FOREIGN COURTS TAKE AIM AT OUR FREE SPEECH
July 17, 2008
Our Constitution is one of our greatest assets in the fight against terrorism. A free-flowing marketplace of ideas, protected by the First Amendment, enables the ideals of democracy to defeat the totalitarian vision of al Qaeda and other terrorist organizations, say Sens. Arlen Specter (R-Penn.) and Joe Lieberman (I- Conn).
That free marketplace faces a threat. Individuals with alleged connections to terrorist activity are filing libel suits and winning judgments in foreign courts against American researchers who publish on these matters:
- Under American law, a libel plaintiff must prove that defamatory material is false.
- In England, the burden is reversed; disputed statements are presumed to be false unless proven otherwise, and the loser in the case must pay the winner's legal fees.
- Consequently, English courts have become a popular destination for libel suits against American authors.
To counter a growing trend of lawsuits against American authors, Specter and Lieberman have introduced the Free Speech Protection Act of 2008. This bill would:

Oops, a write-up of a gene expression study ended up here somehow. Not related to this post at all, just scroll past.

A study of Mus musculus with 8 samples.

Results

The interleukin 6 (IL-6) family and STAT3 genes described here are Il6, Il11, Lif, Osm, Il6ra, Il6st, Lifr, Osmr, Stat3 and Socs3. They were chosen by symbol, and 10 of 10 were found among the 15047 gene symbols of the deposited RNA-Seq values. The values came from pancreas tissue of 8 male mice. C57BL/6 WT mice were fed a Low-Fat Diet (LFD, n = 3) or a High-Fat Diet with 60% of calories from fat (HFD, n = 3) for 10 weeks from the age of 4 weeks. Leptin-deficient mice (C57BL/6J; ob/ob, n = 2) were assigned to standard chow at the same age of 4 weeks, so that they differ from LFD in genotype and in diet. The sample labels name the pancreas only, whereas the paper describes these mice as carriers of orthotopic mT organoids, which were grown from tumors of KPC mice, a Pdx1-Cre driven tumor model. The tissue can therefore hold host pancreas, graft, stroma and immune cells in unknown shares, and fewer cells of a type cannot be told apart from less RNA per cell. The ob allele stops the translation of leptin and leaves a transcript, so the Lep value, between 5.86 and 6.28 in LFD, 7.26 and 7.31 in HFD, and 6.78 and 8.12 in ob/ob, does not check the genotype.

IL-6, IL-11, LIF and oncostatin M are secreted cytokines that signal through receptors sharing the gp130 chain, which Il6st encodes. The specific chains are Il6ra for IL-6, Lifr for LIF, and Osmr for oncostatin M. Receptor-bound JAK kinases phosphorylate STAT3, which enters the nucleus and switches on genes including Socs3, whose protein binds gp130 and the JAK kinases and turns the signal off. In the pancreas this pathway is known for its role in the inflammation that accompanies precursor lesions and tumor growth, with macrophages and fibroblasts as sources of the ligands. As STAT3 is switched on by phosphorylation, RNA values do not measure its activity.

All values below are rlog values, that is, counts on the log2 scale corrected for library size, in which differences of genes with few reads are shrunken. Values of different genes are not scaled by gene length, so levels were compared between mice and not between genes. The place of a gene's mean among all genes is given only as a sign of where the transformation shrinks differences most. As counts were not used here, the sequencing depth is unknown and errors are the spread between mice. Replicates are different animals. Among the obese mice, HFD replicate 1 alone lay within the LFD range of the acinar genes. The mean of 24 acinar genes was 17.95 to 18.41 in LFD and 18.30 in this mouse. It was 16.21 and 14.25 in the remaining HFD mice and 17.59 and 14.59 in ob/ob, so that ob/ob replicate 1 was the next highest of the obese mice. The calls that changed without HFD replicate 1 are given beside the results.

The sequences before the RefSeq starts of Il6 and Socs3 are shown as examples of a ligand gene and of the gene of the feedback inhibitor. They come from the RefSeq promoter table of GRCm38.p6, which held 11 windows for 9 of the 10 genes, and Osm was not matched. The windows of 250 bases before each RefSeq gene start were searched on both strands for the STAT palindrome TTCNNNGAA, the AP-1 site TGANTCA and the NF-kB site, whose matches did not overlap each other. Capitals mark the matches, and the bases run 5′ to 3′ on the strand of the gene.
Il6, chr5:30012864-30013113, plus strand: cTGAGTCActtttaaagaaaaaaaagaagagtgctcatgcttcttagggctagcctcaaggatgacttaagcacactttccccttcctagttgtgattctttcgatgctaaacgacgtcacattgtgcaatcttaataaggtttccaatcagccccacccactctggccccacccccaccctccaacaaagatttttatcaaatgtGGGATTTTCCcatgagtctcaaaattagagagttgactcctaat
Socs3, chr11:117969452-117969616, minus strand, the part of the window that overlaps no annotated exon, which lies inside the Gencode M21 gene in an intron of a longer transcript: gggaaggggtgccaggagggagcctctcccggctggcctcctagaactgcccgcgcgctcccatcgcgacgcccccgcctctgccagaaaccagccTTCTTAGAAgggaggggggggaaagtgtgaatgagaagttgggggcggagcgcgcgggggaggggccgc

- Bar U.S. courts from enforcing libel judgments issued in foreign courts against U.S. residents, if the speech would not be libelous under American law.
- Permit American authors and publishers to countersue if the material is protected by the First Amendment.
- Give juries the ability to award tremble damages if they find that the foreign suit is part of a scheme to suppress free speech rights.
This legislation would not shield those who recklessly or maliciously print false information; it would simply ensure that Americans are held to and protected by American standards, say Specter and Lieberman.
Source: Arlen Specter and Joe Lieberman, "Foreign Courts Take Aim at Our Free Speech," Wall Street Journal, July 14, 2008.